Editor’s Note

Let’s Buck the Trend

The industry must give the MPP a unified push while there’s still time.

There’s a huge problem with American politics these days: we’re a bunch of babies. At a time when the American economy is literally on the ropes, the most our government — and we, the electorate — can do is bicker to the point of uselessness. The unemployment rate has been hovering above 9 percent for months; one in every 213 U.S. homes was in foreclosure during the third quarter; 46 million Americans live below the poverty line; and 49.9 million Americans without health insurance. No matter how you slice it, thesituation is a mess.

But America has been paralyzed from a public policy standpoint when comes to doing anything about that mess, and we have the hard-liners across the board to thank for it. Whether its stimulus, tax cuts, tax hikes, Federal jobs programs — pick your hot button — our law makers have done their level best to accomplish ... nothing.

It reminds me of an interview I heard a couple months ago in which an expert on Indian politics was comparing the Unites States’ current economic and political situation to that of India’s politics in the 1970s and 1980s. As you might recall, the India of that era was not the up-and-coming growth economy that it is now. If anything it was in the doldrums and poverty reigned.

The reason? India’s government, and particularly its parliament, had become so divided and polarized that what happened in its houses was so partisan that it had almost reached a state of theatrics. A focus on party and sides and electoral positioning had completely disconnected India’s legislative body from what was going on in the country. India’s government was making itself irrelevant, and India was suffering as a result.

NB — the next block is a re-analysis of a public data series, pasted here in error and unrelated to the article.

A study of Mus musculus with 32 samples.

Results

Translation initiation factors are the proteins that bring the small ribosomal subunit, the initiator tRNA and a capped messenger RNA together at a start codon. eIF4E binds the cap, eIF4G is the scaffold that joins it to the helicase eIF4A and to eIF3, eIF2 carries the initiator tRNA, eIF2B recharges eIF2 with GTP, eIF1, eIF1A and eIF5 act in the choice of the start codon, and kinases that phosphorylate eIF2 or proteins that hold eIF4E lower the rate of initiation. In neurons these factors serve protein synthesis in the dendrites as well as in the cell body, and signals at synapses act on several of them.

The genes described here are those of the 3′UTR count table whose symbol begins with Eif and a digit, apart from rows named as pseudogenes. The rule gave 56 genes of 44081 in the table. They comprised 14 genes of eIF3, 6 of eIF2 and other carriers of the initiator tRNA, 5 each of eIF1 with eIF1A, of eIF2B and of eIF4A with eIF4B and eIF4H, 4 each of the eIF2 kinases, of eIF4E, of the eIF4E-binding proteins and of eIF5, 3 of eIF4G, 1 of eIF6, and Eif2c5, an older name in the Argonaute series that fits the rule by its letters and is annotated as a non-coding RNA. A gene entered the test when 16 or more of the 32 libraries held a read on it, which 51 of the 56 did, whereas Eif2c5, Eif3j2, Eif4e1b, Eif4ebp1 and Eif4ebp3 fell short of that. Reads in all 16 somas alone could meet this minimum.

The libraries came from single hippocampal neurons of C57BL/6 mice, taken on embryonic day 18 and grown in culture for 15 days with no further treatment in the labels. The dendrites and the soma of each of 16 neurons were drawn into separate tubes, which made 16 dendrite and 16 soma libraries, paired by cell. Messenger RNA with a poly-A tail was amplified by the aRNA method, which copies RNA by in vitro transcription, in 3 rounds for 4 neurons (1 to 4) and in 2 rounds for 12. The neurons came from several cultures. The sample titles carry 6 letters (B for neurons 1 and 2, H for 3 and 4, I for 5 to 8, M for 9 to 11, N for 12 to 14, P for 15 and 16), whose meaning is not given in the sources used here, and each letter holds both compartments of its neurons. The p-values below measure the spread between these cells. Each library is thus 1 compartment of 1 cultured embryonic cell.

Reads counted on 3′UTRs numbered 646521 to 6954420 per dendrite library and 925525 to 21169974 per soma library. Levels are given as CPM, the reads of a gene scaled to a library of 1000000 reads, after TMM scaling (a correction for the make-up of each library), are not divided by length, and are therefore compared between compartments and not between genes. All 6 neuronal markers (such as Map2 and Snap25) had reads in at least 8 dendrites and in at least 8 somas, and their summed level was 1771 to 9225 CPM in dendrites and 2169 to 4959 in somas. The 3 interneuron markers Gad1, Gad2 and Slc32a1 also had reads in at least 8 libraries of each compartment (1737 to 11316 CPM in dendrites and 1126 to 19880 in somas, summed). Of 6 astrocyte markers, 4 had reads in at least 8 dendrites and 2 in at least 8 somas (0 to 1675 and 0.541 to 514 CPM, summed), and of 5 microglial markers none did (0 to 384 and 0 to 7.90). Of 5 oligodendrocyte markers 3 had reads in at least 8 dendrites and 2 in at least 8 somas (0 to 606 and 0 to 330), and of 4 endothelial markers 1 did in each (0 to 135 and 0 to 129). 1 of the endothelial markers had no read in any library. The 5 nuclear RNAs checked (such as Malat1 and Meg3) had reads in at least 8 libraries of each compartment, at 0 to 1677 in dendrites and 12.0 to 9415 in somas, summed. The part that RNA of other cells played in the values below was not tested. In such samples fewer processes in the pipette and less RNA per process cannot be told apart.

I look at the U.S. Congress and see little different. The Super Committee is a perfect example. The Thanksgiving deadline for the Super Committee’s budget plan came and went, and about the only progress congress made was discussing a repeal of the deadline. Yep, you read that right, they’re talking about removing the deadline for the budget plan from a super committee that was set up by Congress because it couldn’t come up with a budget by itself. Now discussion is focused on the mandatory sequestration cuts per the original super committee arrangement; that's a 2 percent across-the-board haircut for Medicare funding.

Good grief. That kind of fecklessness would be almost comical if it didn’t make me want to cry. 

That’s why the industry needs to get behind the recently released market pricing program alternative to competitive bidding. As I mentioned in my last column, the pace of support for the bid repeal bill H.R. 1041 has become almost glacial at this point, and there is neither companion legislation, nor champion in the Senate. But, the current details of the MPP are that the Round One reimbursement rates will stand during its implementation. And that is where the industrycould lose its unity.

Any break in industry support for what is easily the most viable option it has from a public policy perspective for stopping NCB — especially in this legislative environment — would leave us with little alternative but to accept what Round Two of competitive bidding has to offer. The industry needs to take a shot at garnering lawmaker support for an MPP proposal that somehow softens the blow for Round One providers. That will preserve the solid level of support the MPP initially received and hopefully see it passed.

This article originally appeared in the December 2011 issue of HME Business.

About the Author

David Kopf is the Editor of HME Business.